MANUFACTURING and mining output remain constrained, providing little prospect for employment and GDP growth.

The two sectors together account for 20% of the value add in the economy.

Weak performance in the two sectors is unsurprising as the economy expanded by a mere 0.7% in the third quarter of last year.

Monthly data released by Statistics SA on Thursday showed manufacturing production to have risen 0.4% in December compared with a year earlier. But production fell on a seasonally adjusted and annualised basis in the fourth quarter. This means manufacturing will have contributed negatively to economic growth over the period.

Mining production was also in negative territory, but in December it contracted at a slower rate of 0.3% compared to the previous year, from a 1.3% year-on-year decline in November. However, the sector will only make a slight positive contribution to economic growth in the fourth quarter

Given the larger size of the manufacturing sector compared to the mining sector, it seemed likely that overall economic growth slowed in the final quarter of last year, said Capital Economics senior emerging markets economist William Jackson.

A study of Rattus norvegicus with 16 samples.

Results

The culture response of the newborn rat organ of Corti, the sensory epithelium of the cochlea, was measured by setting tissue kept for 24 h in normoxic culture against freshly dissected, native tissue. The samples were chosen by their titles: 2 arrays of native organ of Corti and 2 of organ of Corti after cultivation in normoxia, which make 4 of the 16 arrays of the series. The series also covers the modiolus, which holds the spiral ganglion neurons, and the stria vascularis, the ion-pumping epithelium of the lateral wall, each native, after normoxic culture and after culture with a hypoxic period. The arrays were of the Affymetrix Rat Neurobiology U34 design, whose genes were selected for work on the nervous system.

Factors weighing on the two sectors — continued weakness in commodity prices, low global demand and rising input costs — are still expected to continue for most of this year, implying modest growth and job creation.

Of the two sectors, manufacturing seems the most in trouble. The latest leading indicator of activity in the sector — the Barclays purchasing managers’ index (PMI) — has shown that output will be strained at least in the first few months of this year and that more jobs could be on the line.

Total manufacturing production showed no growth last year compared with 2014.

BNP Paribas Securities SA economist Jeff Schultz said even though a weaker rand is helping to cushion some of the blow to larger, more export-oriented manufacturers, faltering global and domestic demand, weaker commodity prices and manufacturing business confidence which remained "at crisis lows" were all unlikely to see a turn-around anytime soon.

While most economic indicators suggest that the economy remained weak, the Reserve Bank was likely to focus on the upside risks posed to inflation by severe drought and a sharply weaker rand, Nedbank economist Nicky Weimar said. The Bank raised the repo rate by 50 basis points to 6.75% last month.

Nedbank sees rates being hiked by 25 basis points at each of the meetings in March, May and July.

Total mining production was 3.3% higher last year after a 1.4% decrease in 2014.

Last year’s increase in total output was partly supported by slightly higher actual production as well as by base effects — created because production was unusually low in 2014 due to a prolonged strike at platinum mines.

Investec economist Kamilla Kaplan on Thursday referred to the renewed risk of labour unrest in the platinum sector as wage agreements which expire in June were renegotiated.

The negotiations would occur against a backdrop of increased operating costs for producers that, among others, include electricity tariff hikes, Ms Kaplan said.